Scales Vs. Ragas
Western music scales: The majority of scales in Western music are exactly the same up and down, and in this sense you can think of a "scale" as a structure of notes arranged from lowest to highest, and one which is most usually the same ascending and descending. This fits the definition you probably learned first. In addition, for the most part scales are played in purely up and then purely down order, with no leaping about. In other words, the scale will ascend from lowest to highest and descend from highest to lowest, without reversing direction until reaching either the highest or lowest note.
Melodic Minor: there is an exception for the traditional Melodic minor, which would be a major scale with a flatted third on ascent, but turn into a standard minor scale (aeolian mode) on descent. This had to do with voice-leading conventions of that time, and also accommodating singers who may during warmup struggle to find the flat third on the way down from an otherwise major scale. However, in modern use (i.e., jazz) the Melodic minor is also normally played the same up and down.
Blues scales: in the event that you are adding a major third to a scale with a minor third in the blues context, it is not unreasonable to always play the minor third first followed by the major third, for both ascending and descending versions of the scale. That's because the behavior of the minor third is to rise to the major third, and that behavior is usually not found in reverse.
Ragas and Indian traditional music: As for your question about ragas which are completely different up and down, it is worth noting that ragas and scales are not quite the same thing. A raga is not often found in Western music, and is sort of an improvisational or melodic device consisting of a group of notes that go up and another that come down. However, the notes in ragas may not go straight up and down, may not be the same coming down as they were going up, and also some notes may have a tendency to be played in a certain manner or resolving to a certain other note. If you are interested in learning traditional Indian music I would suggest classifying this area as completely different than other scales, and I would also suggest you find someone who can teach you about this in person as most of the English-language resources you find are likely to explain it vaguely or leave out important details known to most actual players of this style.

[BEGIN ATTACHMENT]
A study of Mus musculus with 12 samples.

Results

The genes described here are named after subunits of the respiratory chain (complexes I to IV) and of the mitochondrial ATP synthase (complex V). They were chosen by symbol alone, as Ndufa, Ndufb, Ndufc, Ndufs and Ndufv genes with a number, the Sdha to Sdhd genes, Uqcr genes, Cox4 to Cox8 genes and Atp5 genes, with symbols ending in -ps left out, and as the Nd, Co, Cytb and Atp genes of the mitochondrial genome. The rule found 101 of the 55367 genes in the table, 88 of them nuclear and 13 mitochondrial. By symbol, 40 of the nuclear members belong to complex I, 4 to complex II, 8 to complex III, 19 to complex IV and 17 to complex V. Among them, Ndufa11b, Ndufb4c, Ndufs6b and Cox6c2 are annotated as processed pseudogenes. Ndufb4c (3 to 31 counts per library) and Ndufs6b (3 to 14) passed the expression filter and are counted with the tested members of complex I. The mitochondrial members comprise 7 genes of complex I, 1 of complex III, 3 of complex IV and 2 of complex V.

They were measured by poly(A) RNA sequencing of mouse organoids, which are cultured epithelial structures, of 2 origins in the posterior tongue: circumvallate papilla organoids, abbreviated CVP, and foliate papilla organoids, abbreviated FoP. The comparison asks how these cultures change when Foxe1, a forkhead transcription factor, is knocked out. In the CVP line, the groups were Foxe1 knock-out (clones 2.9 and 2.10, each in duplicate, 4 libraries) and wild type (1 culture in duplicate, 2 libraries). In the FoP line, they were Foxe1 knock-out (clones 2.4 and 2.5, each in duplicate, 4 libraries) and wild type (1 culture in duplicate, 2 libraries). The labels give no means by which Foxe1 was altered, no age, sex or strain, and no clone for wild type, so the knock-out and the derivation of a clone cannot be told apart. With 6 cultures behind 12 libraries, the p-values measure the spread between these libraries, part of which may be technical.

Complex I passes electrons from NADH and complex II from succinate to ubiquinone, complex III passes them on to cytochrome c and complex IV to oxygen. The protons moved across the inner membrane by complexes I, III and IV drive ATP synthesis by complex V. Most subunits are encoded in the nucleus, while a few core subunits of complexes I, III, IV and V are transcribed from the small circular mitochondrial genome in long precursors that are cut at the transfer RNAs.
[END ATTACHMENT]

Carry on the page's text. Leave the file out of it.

One reason ragas have a great deal of flexibility and variation in the notes that are available is that they are usually less limited by harmony. In Western music, a scale is a group of notes that agree with each other as a melody, but also which can be used to build chords, and those chords agree with each other, too. In many styles of World music, there is less emphasis on harmony. For instance, the underlying harmony of a raga is quite often a tonic drone, that is the root note of the scale, continually repeated. In fact the sitar will by nature tend to include this drone note in every note that is played, resulting in a strong anchor to the root note of the scale but little flexibility to move to another chord. This means the improvisor can play a great many different and 'unusual' melodic ideas because the lack of shifting from one chord to the next allows for some extra melodic freedom.